Operating as a solo professional can be time and energy draining. In fact, you may not have the skills or ability to operate the business on your own or may decide that it is better for you to focus on earning more money by focusing on your clients and hire others to do the rest. There are several options for you to consider regarding how the administrative part of your business will be run.
Not having staff means that everything falls in your lap. You will need to have a myriad of skills and energy in order to see the clients and also do all the ordering, bookkeeping, scheduling, and what seems like millions of others tasks that keep the business running efficiently. This is especially important if you are ill or away from the office for travel or other reasons. At one point, I found myself calling clients from Jamaica because I didn't have staff to return telephone calls!
When you don't have any staff, you risk the chance of losing income because of the time demands or errors. you also probably don't have all the latest information for government payments and income tax submission. The biggest risk, is that you will burn out and then you will either be ill for some time or not be able to continue with the practice.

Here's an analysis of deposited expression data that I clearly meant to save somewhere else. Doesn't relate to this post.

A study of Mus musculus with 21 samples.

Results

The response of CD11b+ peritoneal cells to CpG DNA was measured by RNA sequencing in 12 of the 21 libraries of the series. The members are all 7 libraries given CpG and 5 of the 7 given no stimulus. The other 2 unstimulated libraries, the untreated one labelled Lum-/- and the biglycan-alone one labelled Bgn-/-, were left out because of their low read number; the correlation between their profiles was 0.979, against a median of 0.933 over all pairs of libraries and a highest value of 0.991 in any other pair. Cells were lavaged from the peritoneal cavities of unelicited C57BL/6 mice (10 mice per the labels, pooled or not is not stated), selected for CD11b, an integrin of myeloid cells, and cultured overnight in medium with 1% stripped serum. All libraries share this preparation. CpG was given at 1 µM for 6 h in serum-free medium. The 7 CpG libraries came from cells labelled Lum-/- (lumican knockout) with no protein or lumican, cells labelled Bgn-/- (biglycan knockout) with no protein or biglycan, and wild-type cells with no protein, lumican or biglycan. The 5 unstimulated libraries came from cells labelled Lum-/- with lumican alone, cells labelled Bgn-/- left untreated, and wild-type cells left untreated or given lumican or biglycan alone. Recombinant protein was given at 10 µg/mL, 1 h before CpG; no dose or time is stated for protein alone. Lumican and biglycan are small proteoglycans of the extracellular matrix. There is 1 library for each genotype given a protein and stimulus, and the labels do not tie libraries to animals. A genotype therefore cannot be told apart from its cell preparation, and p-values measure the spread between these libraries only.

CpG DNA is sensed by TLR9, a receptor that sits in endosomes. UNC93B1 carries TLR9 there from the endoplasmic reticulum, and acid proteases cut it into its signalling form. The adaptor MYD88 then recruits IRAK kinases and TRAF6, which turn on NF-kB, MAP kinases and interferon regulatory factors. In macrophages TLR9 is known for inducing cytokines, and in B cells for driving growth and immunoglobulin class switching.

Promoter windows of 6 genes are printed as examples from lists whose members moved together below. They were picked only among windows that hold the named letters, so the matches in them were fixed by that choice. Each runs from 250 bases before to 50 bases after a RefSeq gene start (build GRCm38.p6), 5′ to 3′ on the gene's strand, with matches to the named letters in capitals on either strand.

Project Contracts are a good way to get tasks done when specific expertise is required. Asking another professional to give you a quote for the work will help you to decide if you want to invest in this manner and allow you incorporate the costs in your budget. You can arrange an hourly rate or project rate. For example, I hire an accountant by the hour to do all my government work (sales tax, payroll submission and annual Income tax). She charges me by the hour for the first two and on a set fee schedule for the annual submission. When I wanted to have my library books sorted, categorized, computerized and shelved, I hired a woman by the hour to do this.
Regular Contract Hours - I have tried all types of arrangements for office staff and find that hiring for a flexible number of contracted hours at an hourly rate is best for me. This way, I can adjust the hours that I need my assistant according to my needs. There are no employee benefits so I have slightly increased the rate that I would otherwise pay. Also, I save on paperwork because this is a contract rather than an employee payroll case.
Part-time Staff - If you are hiring someone as a part-time employee you will need to define what part-time means and what, if any benefits are included. It is best to put this in writing and have it available to share with the prospective employee at hiring.
Full-time Staff - This is probably the most costly way of hiring and can be the most wasteful - especially if the employee doesn't have enough to do during the day. S/he would likely expect employee benefits and paid holidays as well as sick leave. If they do not have all the skills you might still need to hire a project contract person.
Before you hire anyone, you need to know exactly what needs to be done. Then determine what tasks you will do yourself. At this point, consider hiring someone who is best suited to complete the rest of the tasks.
When your business is operating smoothly and the work is getting done in an efficient and timely manner you will enhance the environment and be better able to experience each day as a wonderful adventure.